Who is the Group Soliciting Door to Door in Fort Thomas?


"I was so bad off that I had a baby in a hotel room by myself. I didn't care about anything other than how I was going to get my next high," said Oliver, who is now an administrator at The Cincinnati Restoration Church on Harrison Avenue in Colerain. 

The church's mission according to its website is that they are "missionaries to drug addicts." The church's founder and pastor, and his wife, are Rick and Carmen Garcia. According to Oliver they started off helping drug addicts in Pure Valley California before founded the Restoration Church in Indianapolis, finally ending up in Cincinnati 16 years ago. Solely off of donations from neighboring cities, the group houses, feeds and clothes up to 60 men and women in a 3-story building in Colerain. They have 5 vans to help transport them and their electric bill is typically "a four-digit number."

They currently have 25 men and 6 women in their care.

Now they are in Fort Thomas on their third city issued permit that will take them through the end of 2013. The permit allows them to go door to door to solicit funds for the church. They do not take any government assistance because according to Oliver, "We couldn't say certain things to the men and women who come into the church. It would be a watered down version of the Bible. For example, we couldn't say that homosexuality is a sin."

The group does not "detox" with drugs. They do not allow smoking. They simply use their version of the Bible and do their best to "keep them comfortable." Their message to those who come into their care is simple: "Only God can change a drug addict."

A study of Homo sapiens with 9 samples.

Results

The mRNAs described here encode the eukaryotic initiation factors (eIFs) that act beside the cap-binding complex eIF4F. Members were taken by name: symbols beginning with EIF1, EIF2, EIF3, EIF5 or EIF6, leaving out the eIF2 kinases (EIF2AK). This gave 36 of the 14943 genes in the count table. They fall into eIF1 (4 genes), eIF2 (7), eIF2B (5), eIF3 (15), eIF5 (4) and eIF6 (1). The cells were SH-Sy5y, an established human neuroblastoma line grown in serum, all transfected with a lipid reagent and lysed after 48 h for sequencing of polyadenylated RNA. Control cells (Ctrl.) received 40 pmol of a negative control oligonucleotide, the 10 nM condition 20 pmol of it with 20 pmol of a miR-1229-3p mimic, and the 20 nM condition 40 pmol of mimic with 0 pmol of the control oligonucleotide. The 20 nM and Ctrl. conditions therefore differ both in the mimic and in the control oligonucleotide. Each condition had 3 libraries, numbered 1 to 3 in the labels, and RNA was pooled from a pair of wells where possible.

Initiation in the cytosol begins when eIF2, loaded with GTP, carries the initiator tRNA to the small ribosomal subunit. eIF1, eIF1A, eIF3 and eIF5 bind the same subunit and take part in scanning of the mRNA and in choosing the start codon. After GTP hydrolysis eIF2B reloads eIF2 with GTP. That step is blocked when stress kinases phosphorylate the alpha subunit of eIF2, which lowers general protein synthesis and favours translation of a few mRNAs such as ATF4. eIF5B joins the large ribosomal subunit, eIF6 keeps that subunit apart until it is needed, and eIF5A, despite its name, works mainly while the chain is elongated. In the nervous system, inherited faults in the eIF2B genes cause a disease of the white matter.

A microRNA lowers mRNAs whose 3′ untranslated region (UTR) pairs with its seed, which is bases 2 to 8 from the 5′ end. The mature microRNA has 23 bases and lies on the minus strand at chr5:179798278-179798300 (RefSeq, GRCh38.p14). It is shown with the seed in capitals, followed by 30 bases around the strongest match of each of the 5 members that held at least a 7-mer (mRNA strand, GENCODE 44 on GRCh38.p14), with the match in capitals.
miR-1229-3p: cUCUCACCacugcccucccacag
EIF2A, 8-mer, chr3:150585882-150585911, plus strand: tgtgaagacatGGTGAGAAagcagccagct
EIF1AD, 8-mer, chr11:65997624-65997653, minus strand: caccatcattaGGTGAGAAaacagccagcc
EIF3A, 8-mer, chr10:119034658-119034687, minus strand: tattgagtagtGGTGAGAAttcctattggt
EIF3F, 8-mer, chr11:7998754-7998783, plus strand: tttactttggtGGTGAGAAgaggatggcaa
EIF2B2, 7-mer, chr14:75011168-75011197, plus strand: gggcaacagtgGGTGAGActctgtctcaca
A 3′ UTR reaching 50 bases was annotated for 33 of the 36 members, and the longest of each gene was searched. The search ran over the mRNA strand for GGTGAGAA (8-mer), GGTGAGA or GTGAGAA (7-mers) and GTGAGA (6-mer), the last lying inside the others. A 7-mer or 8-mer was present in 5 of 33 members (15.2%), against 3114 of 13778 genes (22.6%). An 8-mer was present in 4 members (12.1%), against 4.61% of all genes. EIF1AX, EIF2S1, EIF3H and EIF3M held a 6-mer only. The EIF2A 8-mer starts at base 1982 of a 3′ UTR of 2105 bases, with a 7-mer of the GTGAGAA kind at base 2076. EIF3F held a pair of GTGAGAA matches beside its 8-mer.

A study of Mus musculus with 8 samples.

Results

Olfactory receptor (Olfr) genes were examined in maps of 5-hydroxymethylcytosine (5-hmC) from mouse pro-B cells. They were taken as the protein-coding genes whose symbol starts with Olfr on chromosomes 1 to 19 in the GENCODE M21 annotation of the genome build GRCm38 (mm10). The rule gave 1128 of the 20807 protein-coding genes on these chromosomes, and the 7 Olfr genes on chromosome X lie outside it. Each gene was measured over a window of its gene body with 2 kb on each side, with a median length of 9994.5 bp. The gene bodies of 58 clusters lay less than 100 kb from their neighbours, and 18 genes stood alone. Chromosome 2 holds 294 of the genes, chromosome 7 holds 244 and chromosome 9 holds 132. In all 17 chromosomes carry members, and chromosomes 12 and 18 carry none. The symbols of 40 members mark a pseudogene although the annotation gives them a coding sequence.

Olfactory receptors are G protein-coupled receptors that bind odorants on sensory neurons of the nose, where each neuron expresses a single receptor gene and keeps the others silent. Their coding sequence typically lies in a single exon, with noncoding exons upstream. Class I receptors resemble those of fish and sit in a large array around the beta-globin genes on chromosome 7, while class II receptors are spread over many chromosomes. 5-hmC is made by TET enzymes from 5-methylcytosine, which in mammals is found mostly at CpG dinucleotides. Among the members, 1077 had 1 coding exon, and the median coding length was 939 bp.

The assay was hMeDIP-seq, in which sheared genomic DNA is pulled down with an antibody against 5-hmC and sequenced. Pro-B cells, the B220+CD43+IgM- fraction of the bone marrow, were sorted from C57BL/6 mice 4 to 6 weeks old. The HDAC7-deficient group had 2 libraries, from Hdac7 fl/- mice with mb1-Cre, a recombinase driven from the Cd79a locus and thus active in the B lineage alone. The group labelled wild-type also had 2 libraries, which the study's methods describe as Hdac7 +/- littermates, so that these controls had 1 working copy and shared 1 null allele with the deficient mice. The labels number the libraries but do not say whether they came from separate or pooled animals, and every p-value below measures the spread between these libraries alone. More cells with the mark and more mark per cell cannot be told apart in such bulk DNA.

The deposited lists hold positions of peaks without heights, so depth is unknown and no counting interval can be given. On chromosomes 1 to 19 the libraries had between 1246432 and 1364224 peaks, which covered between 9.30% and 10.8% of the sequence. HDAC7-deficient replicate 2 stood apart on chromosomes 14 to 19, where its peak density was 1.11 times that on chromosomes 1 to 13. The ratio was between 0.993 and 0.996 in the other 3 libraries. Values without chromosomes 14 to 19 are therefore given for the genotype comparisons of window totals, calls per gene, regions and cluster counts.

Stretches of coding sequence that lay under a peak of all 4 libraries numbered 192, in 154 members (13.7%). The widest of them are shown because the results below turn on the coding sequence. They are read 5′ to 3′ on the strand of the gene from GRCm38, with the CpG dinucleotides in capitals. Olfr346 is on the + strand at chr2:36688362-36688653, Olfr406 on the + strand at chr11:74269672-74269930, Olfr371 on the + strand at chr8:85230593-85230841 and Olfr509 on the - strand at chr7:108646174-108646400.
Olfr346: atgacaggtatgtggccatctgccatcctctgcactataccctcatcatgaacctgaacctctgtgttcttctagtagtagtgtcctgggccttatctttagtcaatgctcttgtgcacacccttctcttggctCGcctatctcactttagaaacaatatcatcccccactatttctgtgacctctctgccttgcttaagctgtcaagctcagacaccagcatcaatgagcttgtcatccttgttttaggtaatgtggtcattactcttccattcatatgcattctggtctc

The group's strategy of going door-to-door is new. "We're aware of the burglaries and that people might be scared to open their doors, but we've had more good feedback than bad. I couldn't believe it. We get a lot of checks from Fort Thomas."

For the past 16 years, the group had been setting up in parking lots with their candy, water bottles and pamphlets in order to raise money. "It would take one phone call from a property manager to the police and we'd have to leave. That's why we are trying permitting and going door to door," said Oliver.

"We are getting the most response financially from the Dayton area and Fort Thomas," said Oliver.

In an act that Oliver highlighted as an extreme act of kindness, she detailed the donation of a college football player in the Dayton area, who gave a duffle bag full of $10,000 in cash to a resident of the church, who had only been off of drugs for 6 weeks.

"He called me and asked me what I should do," said Oliver. "I told him to bring it home immediately. I was more scared that as a recent addict with that kind of access to cash, that he would die."

More information on the Cincinnati Restoration Church is available through a simple Google search.


  1. Perhaps the city should investigate a bit before providing permits to charitable groups. From the BBB:

    "This charitable organization either has not responded to written BBB requests for information or has declined to be evaluated in relation to BBB Standards for Charity Accountability."

  2. Thank you posting this article about this group. Now I know to NOT give them any money. Especially if they preach that homosexuality is a sin. I'll spread the word to friends and family. This is a bit scary.

  3. So, they don't want to pay to belong to the BBB.. I'm okay with that..

    Not sure of this theme that the city should decide who can solicit, other than to screen for criminal conduct. Personally, I don't want the city to decide free speech issues, as my taxes are used to defend those cases, once they go to court (see McCafferty case file fiasco).

    Also, no problem with religious organizations espousing their beliefs. I don't have to agree with them, or give them money, but I certainly support their freedom of speech.

  4. Wait - a college football player had a duffel bag with $10,000 in cash? What?

  5. As of 3/2015 this org. is NOT an approved 501C3 org.